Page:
VI: The Saints

Q: What is a Saint?

A: Derived from the Latin sanctus, the word "saint" means "holy." As such saints are holy ones, those who have been chosen by God and set apart for a divine purpose. In a broad sense all Christians are saints because all Christians have been chosen by God, marked by the Cross of Christ in Holy Baptism, and set apart to bear witness in the world to God's grace. In a narrow sense the saints are Christians whom the church has designated as exemplary models of the Christian life, notably the apostles.

The Augsburg Confession states, "It is also taught among us that saints should be kept in remembrance so that our faith may be strengthened when we see what grace they received and how they were sustained by faith." We as Lutherans do not consider saints sinless nor do we invoke them to mediate with God on our behalf. We thank God for the saints' examples, let their examples strengthen us, and seek to imitate those examples as best as we can.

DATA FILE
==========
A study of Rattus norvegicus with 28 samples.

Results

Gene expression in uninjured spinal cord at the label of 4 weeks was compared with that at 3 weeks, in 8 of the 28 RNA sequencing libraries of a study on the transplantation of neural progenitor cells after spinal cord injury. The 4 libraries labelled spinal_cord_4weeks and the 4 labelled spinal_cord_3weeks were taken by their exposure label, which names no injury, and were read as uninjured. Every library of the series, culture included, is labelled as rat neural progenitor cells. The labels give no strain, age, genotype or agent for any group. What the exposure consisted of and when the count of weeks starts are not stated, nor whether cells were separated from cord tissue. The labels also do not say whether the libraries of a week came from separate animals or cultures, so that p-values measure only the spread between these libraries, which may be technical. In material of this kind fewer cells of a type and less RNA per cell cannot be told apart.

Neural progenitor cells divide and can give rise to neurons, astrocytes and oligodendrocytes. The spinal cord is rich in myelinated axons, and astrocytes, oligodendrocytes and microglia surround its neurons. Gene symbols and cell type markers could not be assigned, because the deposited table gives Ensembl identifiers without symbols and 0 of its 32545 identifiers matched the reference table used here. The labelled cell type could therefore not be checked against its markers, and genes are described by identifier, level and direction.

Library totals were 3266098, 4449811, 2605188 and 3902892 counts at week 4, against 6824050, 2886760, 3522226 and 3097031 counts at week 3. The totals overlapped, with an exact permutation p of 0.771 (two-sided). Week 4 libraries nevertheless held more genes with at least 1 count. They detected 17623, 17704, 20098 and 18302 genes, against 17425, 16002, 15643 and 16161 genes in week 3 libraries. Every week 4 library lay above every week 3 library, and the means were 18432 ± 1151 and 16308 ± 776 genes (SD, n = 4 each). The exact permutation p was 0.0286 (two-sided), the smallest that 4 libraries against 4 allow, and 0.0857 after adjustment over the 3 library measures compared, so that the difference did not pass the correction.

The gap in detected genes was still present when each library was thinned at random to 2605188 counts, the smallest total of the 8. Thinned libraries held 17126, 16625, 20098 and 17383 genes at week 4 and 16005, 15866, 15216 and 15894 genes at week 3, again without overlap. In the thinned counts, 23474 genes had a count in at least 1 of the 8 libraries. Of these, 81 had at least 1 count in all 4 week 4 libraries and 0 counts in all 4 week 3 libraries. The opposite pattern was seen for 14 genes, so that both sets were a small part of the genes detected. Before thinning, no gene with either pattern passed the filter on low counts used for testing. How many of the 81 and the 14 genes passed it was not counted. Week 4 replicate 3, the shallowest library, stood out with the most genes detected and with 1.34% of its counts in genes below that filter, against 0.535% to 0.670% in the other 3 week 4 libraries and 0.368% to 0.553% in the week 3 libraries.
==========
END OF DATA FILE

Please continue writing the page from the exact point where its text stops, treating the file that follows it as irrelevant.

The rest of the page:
One way that we remember the saints is by observing saints' days and commemorations. A saint's day is usually the day that the saint died, often by being martyred, and entered eternal life. The Lutheran Service Book contains an extensive list of commemorations of significant persons in church history (page xii).

Some saints' days may be observed when they occur on any Sunday in the seasons after Pentecost or Epiphany. The hymns, prayer of the day, lessons, and sermon would reflect the person's life. Saints' days and commemorations provide an appropriate theme for weekday celebrations. Observing the saints' days and commemorations enriches the liturgical year as it enriches our spiritual lives.

Adapted from About Being Lutheran © Lutheran Liturgical Renewal 1991. Used by permission.